Whenever we leave the house early (before 7 am) to go birding, we almost always make it a point to stop by a McDonalds for breakfast. This has become more or less a ritual for us. After being misled by our GPS which directed us to a non-existent McDs at Michelson St (which was about a couple of blocks from SJWS), we finally found another one about two miles away.
After breakfast we decided to visit the San Diego Creek behind the Irvine Civic Center where a Solitary Sandpiper has also been found. The place was quite birdy: a Great Blue Heron, both kinds of Egrets (Snowy and Great) and a White-faced Ibis were there. But no Solitary Sandpiper. Interestingly, there were Lesser Yellowlegs and Spotted Sandpipers in the creek. If by some miracle these two species would mate, the result would look exactly like a Solitary Sandpiper - yellow legs, dark brown back and a disposition for bobbing.
At around 8:30 we proceeded to SJWS where the ponds yielded nothing unusual. Generally, sandpipers are tiny shorebirds that look alike particularly in their non-breeding plumage - as they were this time of year. So much so that they are collectively known as "peeps". In hopes of locating our sought after Solitary Sandpiper, I had to scan flocks of these constantly moving birds and try to look at each one to detect the telltale sign that would differentiate the Solitary from the Westerns and the Leasts.
A handful of birders came and went, each one asking the question of the day: "Did you see the Solitary Sandpiper?" And each time the reply was in the negative. At least some of us were lucky enough to see the Sora Rail, a very secretive and skulking bird, come out in the open. At around half past eleven our hopes of ever seeing our target bird were dwindling fast.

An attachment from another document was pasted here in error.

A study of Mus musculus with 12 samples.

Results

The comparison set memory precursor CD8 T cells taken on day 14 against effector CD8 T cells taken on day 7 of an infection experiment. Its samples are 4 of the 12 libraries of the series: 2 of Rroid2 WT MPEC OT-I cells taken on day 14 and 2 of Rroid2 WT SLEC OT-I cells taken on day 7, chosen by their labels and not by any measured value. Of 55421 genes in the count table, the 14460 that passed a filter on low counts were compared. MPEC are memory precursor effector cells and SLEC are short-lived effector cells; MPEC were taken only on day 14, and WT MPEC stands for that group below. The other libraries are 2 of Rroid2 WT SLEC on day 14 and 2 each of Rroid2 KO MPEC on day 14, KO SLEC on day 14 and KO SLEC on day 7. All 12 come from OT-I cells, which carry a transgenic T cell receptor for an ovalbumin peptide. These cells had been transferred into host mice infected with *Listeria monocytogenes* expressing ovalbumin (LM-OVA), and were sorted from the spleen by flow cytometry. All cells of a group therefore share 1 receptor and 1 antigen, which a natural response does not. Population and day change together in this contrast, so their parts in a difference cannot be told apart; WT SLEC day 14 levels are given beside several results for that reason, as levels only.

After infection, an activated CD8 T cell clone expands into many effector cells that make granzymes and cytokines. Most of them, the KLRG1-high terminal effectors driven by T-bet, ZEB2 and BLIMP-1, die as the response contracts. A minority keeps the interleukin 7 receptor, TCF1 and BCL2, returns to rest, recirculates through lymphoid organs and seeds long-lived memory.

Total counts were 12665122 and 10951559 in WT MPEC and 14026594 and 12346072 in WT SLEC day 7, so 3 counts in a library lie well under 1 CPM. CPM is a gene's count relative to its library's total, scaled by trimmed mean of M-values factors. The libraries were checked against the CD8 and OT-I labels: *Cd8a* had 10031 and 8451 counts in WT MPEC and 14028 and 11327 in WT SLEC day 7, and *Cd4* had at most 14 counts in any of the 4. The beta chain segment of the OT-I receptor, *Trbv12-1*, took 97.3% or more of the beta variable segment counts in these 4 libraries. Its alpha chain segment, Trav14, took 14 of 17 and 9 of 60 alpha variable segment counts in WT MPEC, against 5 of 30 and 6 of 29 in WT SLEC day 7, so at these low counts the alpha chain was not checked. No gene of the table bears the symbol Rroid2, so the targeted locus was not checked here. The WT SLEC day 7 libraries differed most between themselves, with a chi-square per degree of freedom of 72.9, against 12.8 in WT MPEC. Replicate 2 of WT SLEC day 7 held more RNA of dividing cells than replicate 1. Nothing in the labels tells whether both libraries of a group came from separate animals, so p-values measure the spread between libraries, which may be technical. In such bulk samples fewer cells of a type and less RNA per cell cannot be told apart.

Just as we were about to leave, there was a bird that joined the group of barn swallows hawking for insects above Pond C. It was behaving like a swallow but it was almost twice as big. A tern! But unlike the usual terns that sometimes visit SJWS, this one had dark wings and a dark underside. I know I've seen this kind before....until it finally dawned on me..this was a Black Tern! Certainly unusual in this part of California. Soon other birders were alerted to its presence.
Of course, Cynthia always has a better shot. Did I mention that she is real good at photographing BIFs (Birds in Flight)?
The Black Tern, though not a lifer, certainly made up for the disappointment of not seeing the Solitary Sandpiper. Not just for us, but for the other birders as well.